Activating a New Era for Social Change

Monday June 25, 2012
Article by Editorial, Axiom News

At this year’s Social Change Institute, Jessy Tolkan shared an intriguing view of how the nonprofit sector can reframe the current political climate for social and environmental change — which many view to be far from collaborative —  and come out stronger than ever.

Recent government attacks on the nonprofit sector can be viewed as a powerful compliment. When foundations or environmental and social nonprofits are seen as a threat, they are turned into an opposition that cannot be taken lightly. We’ve become a force to be reckoned with.
Now is the time to focus our energies. A redoubling of effort to continue occupying people’s hearts and minds and for an increasingly large mandate — from Canada’s Omnibus budget bill to dredged-up American debates on women’s rights to climate change.
The most powerful tool we have is our ability to collaborate to present a compelling, inclusive vision of our future. 
Let’s put individual mandates aside, agree to not agree on everything, and combine our strengths to win the hearts and minds of the public by offering real alternatives that speak to identity and values.
This will involve going beyond our core base. As both Tzeporah Berman and Andrea Reimer pointed out at this year’s Social Change Institute, good people are, and need to be, everywhere: business, government and nonprofits. We need to seek these people out and find a common ground to address the challenges of our time.
We have many great examples of social change collaboration to draw from: British Columbia’s carbon tax; the Tar Sands Coalition; and the American Sustainable Business Council, to name a few. 
New collaboration models are also evolving for the scale of change needed. Models like change labs, which bring together diverse coalitions of stakeholders to work together in a way that builds awareness of the whole, leading to progress on complex challenges.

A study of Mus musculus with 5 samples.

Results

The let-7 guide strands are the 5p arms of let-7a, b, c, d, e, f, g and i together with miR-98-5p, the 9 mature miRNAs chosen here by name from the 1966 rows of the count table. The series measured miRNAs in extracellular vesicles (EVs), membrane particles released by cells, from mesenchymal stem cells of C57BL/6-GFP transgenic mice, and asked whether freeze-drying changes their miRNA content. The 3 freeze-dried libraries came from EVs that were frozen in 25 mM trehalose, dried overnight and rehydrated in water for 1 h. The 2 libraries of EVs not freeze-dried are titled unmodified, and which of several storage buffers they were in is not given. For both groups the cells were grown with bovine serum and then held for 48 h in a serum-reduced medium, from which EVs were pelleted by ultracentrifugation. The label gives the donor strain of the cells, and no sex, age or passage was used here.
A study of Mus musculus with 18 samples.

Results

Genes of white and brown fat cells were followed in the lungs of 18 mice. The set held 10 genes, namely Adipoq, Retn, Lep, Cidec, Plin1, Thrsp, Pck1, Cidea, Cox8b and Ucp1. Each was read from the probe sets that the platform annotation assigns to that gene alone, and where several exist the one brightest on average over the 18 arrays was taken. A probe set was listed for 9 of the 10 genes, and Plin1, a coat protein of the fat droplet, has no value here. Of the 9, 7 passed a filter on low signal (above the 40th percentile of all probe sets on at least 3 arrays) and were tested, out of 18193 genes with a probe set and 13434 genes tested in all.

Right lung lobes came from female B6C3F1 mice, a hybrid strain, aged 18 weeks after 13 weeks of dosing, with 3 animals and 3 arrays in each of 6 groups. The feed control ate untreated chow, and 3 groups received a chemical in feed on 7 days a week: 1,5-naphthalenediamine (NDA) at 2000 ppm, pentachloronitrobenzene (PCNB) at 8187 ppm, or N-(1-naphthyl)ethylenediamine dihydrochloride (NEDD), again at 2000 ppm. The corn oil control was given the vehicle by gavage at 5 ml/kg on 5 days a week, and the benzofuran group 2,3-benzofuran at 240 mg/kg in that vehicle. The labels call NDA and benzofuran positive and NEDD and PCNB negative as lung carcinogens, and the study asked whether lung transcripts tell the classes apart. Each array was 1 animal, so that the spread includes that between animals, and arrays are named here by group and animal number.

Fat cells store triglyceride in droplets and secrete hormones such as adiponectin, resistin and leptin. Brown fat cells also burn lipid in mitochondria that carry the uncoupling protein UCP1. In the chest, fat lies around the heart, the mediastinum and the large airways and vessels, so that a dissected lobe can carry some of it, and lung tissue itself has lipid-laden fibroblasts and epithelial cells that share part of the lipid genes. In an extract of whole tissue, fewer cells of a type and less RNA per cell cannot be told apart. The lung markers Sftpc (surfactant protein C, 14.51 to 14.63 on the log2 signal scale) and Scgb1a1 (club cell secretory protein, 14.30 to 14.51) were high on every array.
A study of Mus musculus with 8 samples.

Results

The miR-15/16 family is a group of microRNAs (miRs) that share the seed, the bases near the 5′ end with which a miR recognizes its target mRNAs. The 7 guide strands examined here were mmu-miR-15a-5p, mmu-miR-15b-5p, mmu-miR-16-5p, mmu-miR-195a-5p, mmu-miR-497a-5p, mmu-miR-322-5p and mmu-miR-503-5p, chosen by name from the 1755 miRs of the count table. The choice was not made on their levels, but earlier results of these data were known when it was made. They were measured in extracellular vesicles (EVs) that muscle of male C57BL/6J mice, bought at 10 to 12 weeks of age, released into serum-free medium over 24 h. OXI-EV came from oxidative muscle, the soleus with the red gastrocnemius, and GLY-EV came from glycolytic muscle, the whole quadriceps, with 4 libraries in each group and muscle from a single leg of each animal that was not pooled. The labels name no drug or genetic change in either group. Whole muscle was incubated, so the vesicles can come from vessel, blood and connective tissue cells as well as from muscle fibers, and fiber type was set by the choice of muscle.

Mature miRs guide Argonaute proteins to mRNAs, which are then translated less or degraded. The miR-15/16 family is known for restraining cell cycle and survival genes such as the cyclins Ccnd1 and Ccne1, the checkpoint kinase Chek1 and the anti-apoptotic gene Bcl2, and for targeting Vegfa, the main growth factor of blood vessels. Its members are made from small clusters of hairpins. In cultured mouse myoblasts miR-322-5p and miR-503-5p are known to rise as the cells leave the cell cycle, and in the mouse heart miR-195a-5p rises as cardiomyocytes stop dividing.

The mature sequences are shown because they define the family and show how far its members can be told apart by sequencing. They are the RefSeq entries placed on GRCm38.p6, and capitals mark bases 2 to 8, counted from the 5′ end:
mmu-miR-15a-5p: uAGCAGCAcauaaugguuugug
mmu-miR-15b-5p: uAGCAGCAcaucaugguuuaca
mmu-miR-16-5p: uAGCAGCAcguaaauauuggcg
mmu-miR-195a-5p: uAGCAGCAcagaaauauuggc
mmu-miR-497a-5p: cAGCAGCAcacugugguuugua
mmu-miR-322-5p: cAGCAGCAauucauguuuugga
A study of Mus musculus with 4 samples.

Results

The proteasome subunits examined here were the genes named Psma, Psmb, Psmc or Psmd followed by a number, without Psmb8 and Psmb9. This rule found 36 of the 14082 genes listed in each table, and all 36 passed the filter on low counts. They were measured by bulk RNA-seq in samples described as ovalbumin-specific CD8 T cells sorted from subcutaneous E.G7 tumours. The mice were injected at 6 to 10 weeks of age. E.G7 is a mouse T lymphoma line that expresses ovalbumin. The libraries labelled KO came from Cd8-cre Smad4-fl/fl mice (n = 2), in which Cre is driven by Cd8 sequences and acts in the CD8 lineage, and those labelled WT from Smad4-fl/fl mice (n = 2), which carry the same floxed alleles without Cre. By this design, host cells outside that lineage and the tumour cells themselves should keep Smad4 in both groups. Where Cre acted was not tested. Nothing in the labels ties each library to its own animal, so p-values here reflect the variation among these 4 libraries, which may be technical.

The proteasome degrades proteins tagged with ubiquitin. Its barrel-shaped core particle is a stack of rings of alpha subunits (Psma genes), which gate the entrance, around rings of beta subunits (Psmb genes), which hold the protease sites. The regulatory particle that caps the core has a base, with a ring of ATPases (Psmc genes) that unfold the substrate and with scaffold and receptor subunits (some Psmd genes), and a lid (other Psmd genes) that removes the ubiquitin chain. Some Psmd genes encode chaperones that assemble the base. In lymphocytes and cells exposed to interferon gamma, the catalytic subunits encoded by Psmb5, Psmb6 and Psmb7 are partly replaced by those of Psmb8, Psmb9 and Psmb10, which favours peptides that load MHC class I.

As the government’s ability or desire to support social change work decreases, our role in creating alternative models for social economy will become even more important.
Social enterprise will be a major player in this new ecology. The model not only provides more dependable revenue than grants, it creates jobs, while transforming commerce — two powerful levers for anyone wanting to affect large-scale change.
A number of intermediaries are emerging to grow social enterprise including the Skoll Foundation, Ashoka and the Unreasonable Institute, as well as physical hubs for collaboration like the Centre for Social Innovation. 
Social impact bonds are another tool, affording us the ability to invest in preventative measures that benefit community.
These are some of the brightest possibilities we see as the social sector is called upon to reach new heights.  
If these beginnings can be delivered on and expanded upon, social change will reclaim public discourse, and the powerful complements we find in adversarial relations today might just get some of the credit.